The following article was written in 1880 by John Charles Dent, journalist and historian, (born at Kendal, England, 8 Nov 1841; died at Toronto 27 Sept 1888) for the Canadian Portrait Gallery.
After a newspaper career abroad and in Toronto, Dent became a freelance writer. His most successful book was the illustrated 4-vol. Canadian Portrait Gallery (1880-81) in which he wrote 185 of its 204 sketches.
In The Last Forty Years: Canada since the Union of 1841 (2 vols., 1881) and the more partisan The Story of the Upper Canadian Rebellion (2 vols., 1885), he sided with moderate reformers. John King, W.L. Mackenzie’s son-in-law, attacked him in The Other Side of the “Story” (1886). Later, however, Dent thought that responsible government had made Canadian politics corrupt. A convinced free trader and lifelong admirer of John Bright, he insisted on economy and probity in government. In addition to history, Dent also wrote fiction, much of which was published posthumously.
The Hon. Albert N. Richards
2nd Lieutenant-Governor of British Columbia 1876-81
Mr. Richards is the youngest son of the late Stephen Richards, of Brockville, and a brother of the Hon. William Buell Richards, ex-Chief Justice of the Supreme Court of the Dominion.
Albert Norton Richards was born at Brockville, Upper Canada, on the 8th of December, 1822. Like his elder brothers, William and Stephen, he received his early education at the famous Johnstown District Grammar School, and embraced the legal profession as his calling in life. He studied law in the office of his brother William, with whom he entered into partnership after his call to the Bar in Michaelmas Term, 1848.
Though perhaps somewhat less conspicuous at the Bar than his partner, he took a high position, and was distinguished for the acumen and soundness of judgment which seem to be inherent in every member of his family. After his brother’s elevation to the Bench, he himself continued to practise at Brockville. His business was large and profitable.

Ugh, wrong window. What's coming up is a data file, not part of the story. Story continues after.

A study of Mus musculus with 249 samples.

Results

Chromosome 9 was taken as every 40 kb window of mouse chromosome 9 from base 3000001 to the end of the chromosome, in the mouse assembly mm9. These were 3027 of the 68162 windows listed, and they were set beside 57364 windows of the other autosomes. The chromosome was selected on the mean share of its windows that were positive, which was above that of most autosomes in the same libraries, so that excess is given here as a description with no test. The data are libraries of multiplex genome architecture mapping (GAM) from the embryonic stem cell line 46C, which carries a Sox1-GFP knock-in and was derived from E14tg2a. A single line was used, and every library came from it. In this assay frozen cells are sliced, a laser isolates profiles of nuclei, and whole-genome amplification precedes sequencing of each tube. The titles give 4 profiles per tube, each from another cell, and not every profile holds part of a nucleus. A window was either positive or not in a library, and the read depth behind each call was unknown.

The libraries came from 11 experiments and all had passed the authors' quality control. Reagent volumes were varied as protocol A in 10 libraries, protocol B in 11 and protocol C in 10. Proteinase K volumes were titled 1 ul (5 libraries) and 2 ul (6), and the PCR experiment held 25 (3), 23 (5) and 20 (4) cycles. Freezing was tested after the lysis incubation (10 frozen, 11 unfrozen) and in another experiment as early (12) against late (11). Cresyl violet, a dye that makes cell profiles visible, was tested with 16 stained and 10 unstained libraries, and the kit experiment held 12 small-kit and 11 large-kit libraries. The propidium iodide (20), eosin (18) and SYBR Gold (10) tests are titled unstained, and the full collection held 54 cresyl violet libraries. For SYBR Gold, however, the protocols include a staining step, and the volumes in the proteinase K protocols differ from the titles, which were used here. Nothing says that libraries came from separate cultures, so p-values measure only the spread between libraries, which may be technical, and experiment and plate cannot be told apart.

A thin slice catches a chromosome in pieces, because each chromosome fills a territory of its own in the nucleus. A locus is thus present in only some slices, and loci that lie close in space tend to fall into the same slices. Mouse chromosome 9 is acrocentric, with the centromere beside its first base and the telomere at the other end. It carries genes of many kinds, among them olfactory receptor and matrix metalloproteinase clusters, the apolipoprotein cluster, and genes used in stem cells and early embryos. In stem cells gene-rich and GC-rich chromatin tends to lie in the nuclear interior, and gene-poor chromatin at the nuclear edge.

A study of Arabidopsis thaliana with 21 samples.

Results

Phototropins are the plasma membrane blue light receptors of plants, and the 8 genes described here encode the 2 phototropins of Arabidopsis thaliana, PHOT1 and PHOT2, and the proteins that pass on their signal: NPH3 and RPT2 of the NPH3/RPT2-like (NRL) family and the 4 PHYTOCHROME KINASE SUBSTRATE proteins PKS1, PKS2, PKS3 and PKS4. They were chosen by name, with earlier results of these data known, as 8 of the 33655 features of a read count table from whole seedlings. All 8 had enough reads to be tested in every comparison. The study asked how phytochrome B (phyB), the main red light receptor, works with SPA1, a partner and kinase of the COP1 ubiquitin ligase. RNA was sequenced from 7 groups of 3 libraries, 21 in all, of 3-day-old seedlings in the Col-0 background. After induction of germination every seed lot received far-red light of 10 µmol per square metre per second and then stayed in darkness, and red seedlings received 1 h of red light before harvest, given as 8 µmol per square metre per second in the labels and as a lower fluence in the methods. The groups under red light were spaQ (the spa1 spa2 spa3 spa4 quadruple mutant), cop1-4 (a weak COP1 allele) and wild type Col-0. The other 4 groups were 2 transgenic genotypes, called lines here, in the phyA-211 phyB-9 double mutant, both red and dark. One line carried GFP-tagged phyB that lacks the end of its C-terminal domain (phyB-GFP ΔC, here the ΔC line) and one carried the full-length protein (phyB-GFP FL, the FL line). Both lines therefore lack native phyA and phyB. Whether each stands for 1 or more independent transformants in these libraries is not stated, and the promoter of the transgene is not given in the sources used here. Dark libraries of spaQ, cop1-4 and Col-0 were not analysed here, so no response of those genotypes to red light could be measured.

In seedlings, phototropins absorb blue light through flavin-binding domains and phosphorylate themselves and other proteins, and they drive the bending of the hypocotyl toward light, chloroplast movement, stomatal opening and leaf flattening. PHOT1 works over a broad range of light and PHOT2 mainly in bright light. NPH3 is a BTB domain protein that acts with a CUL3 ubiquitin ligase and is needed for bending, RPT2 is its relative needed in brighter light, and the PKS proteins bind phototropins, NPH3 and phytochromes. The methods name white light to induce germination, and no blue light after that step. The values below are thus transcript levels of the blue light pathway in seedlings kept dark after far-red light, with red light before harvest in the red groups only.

He took a keen interest in politics, and was identified with the Reform Party. He did not seek Parliamentary distinction, however, until the year 1861, when he was an unsuccessful candidate for the representation of South Leeds in the Legislative Assembly of Canada—his successful opponent being Mr. Benjamin Tett.
At the general election of 1863 he again offered himself in opposition to the same candidate, and on this occasion was returned at the head of the poll. In the month of December following he accepted office in the Sandfield Macdonald-Dorion Administration, as Solicitor-General for Canada West in 1863-64. He was at the same time created a Queen’s Counsel.
Upon returning to his constituents for re-election, after accepting office, he was compelled to encounter the full strength of the Conservative Party. The Government of the day existed by a mere thread, their majority averaging one, two and three, and it was felt that if Mr. Richards could be defeated the Government must resign.
The constituency of South Leeds was invaded by all the principal speakers and agents of the Conservative Party, headed by the Hon. John A. Macdonald and the late Mr. D’Arcy McGee, and no stone was left unturned to defeat the new Solicitor-General. The result was the defeat of the latter by D. Ford Jones, the Conservative candidate, by a majority of five votes.
Mr. Richards, after the resignation of the Government, remained out of public life until 1867, when he unsuccessfully contested his old seat for the House of Commons with the late Lieutenant-Governor John W. Crawford, the latter being elected by a majority of thirty-nine.
In 1869 Mr. Richards was offered by the Government of Sir John Macdonald, the office of Attorney-General in the Provincial Government which Mr. Macdougall, as Lieutenant-Governor of the Northwest Territories, was about to establish at Fort Garry. Mr. Richards accepted the office, and accompanied Mr. Macdougall on his well-known journey, until stopped by Louis Riel at Stinking River.
In the following year he visited British Columbia on public business, and in 1871 he again visited that Province, this time for the benefit of the health of his children, eight of whom he had lost by death during his residence at Brockville.
At the general election of 1872, Mr. Richards made another and a successful appeal to the electors of South Leeds, and was returned to the House of Commons. He held his seat until January, 1874; when, being absent from the country, on a visit to British Columbia, he was unable to return in time to be nominated for his old constituency, and South Leeds became lost to the Reform Party.
Mr. Richards continued to reside in British Columbia, and for several years was the official Legal Agent of the Dominion Government in that Province. He took an active part in endeavouring to bring about various much-needed law reforms, as to several of which he was ultimately successful.
On the 29th of July, 1875, he was appointed Lieutenant-Governor of the Province, a position which he has ever since held. His sterling qualities have obtained recognition, and he has won great popularity.
He has been twice married. His first wife, whom he married on the 17th of October, 1849, was Frances Chaffey, daughter of the late Benjamin Chaffey, formerly of Staffordshire, England. This lady died in April, 1853. On the 12th of August, 1854, he married Ellen Chaffey Chislett, daughter of the late John Chislett, also of Staffordshire. His second wife still survives.